By Anita Oh

PHILADELPHIA (CBS) — The Phillies and Major League Baseball are celebrating Jackie Robinson Day. On this day in 1947, Robinson made his Major League debut as he broke baseball’s color barrier.

“Jackie Robinson is the reason that African-Americans can play baseball on the same field as Caucasians,” said Marvin Dozier.

On April 15th, 1947, Robinson broke the color barrier.

“It is important for me to be here because of what Jackie Robinson has done, not only to allow me to become an elected official, but also to my uncle. My uncle was actually able to be able to tryout for the Brooklyn Dodgers,” said Philadelphia City Councilman Derek Green.

That is the same team Robinson played for. His name, on that roster, tore through decades of baseball segregation.

Many in the community gathered at the Philadelphia Stars Memorial Park to honor Robinson. Philadelphia City Council leaders also spoke after passing a resolution last month, apologizing to Robinson for the racism he faced decades ago.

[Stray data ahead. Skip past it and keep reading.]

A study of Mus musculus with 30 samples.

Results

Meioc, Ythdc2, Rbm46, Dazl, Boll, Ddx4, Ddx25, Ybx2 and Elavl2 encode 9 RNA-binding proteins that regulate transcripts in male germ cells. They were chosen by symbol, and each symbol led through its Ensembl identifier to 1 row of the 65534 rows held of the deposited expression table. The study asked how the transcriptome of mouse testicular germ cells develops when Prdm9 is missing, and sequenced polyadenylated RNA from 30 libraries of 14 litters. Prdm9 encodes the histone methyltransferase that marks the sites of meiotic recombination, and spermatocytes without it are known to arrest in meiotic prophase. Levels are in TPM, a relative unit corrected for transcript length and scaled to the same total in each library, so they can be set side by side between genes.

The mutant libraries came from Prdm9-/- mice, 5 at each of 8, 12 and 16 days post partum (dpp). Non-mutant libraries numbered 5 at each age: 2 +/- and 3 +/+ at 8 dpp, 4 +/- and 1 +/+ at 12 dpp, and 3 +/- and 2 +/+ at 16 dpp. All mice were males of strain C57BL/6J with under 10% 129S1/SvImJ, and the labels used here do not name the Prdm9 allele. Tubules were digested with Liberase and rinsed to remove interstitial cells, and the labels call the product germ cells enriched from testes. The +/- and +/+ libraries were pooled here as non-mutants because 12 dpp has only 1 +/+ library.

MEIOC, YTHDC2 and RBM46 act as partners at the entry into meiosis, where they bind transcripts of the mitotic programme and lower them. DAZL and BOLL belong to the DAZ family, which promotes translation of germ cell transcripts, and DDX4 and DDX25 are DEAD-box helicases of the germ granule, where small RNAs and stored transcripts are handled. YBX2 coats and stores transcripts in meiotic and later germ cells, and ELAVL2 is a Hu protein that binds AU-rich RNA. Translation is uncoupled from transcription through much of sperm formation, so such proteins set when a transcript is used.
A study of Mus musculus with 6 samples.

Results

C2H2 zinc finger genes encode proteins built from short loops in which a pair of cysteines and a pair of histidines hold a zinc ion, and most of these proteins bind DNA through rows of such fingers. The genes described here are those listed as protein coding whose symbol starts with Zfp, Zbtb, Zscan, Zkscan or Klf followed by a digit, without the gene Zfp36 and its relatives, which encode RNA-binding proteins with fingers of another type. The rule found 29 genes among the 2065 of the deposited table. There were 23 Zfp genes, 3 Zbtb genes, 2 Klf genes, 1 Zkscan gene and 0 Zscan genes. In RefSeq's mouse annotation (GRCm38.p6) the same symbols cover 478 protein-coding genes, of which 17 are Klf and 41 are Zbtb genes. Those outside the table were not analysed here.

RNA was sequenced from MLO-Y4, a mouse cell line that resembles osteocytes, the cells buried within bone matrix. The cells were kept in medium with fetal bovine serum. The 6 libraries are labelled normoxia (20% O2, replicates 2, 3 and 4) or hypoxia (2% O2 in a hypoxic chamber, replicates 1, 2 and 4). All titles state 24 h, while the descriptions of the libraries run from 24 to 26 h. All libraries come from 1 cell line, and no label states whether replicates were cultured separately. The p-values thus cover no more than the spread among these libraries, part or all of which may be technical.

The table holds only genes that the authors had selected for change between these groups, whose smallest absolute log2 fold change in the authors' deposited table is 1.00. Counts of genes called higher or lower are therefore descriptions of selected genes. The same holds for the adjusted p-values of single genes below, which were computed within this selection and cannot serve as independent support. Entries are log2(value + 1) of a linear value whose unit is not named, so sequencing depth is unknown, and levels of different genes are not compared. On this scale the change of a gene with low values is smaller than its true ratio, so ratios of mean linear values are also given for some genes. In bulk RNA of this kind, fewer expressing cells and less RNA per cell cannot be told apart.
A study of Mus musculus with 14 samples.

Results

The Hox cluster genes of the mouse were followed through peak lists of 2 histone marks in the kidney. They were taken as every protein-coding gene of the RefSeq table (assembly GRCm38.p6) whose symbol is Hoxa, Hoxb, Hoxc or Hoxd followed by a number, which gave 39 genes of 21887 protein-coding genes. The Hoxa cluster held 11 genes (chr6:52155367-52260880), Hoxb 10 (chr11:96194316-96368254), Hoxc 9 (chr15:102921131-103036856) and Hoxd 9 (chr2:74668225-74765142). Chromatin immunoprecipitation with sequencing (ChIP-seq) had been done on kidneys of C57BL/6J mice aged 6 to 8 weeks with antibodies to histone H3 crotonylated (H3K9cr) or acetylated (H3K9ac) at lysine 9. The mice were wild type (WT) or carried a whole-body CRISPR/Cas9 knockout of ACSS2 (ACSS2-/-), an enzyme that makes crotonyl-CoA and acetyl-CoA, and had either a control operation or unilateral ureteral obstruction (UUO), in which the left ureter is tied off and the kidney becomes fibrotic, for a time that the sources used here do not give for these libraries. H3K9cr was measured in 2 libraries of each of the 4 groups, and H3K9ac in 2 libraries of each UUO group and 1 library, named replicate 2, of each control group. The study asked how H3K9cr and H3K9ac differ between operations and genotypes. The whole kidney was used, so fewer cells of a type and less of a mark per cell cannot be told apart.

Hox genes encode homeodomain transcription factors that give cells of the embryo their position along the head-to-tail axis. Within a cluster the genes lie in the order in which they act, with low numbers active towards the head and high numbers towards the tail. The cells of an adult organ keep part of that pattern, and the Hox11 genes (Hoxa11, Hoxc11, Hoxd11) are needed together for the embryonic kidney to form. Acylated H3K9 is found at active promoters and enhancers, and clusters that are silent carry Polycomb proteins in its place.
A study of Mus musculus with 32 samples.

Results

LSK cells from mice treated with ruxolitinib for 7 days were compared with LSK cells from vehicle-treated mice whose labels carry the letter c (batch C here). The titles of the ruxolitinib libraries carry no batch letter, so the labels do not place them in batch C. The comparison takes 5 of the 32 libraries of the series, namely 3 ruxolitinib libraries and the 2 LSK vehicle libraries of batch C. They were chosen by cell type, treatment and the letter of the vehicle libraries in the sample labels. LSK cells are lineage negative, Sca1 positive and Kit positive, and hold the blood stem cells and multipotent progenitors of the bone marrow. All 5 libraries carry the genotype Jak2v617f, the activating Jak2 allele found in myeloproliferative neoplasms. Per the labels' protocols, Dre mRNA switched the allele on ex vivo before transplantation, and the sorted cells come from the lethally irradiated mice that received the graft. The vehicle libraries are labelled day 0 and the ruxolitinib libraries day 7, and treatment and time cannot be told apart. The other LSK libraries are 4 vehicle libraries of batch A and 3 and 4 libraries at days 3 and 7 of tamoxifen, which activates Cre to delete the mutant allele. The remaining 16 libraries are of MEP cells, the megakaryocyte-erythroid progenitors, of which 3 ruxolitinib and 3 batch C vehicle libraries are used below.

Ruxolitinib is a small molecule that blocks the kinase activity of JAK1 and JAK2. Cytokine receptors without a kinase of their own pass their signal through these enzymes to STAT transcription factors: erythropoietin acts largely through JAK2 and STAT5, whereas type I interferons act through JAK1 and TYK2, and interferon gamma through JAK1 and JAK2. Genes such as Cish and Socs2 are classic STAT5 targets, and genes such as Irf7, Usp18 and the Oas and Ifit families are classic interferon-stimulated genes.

“Honoring our history means confronting our past,” said Councilwoman Helen Gym. “Part of that can start with an apology and an acknowledgement of the shame and hurt that it cost.”

Robinson’s story pioneered the way for players like Gary Matthews, a former member of the Phillies. “The Philadelphia Phillies were the last Major League team to have a black player on. Because of the way that he played, really paved the way for us to be able to come out there and play,” Matthews said.

“42,”…two digits on one jersey, are a reminder that beyond the home runs, beyond the Hall of Fame, Robinson’s lasting legacy is the day he first went to bat for the players that would come after him.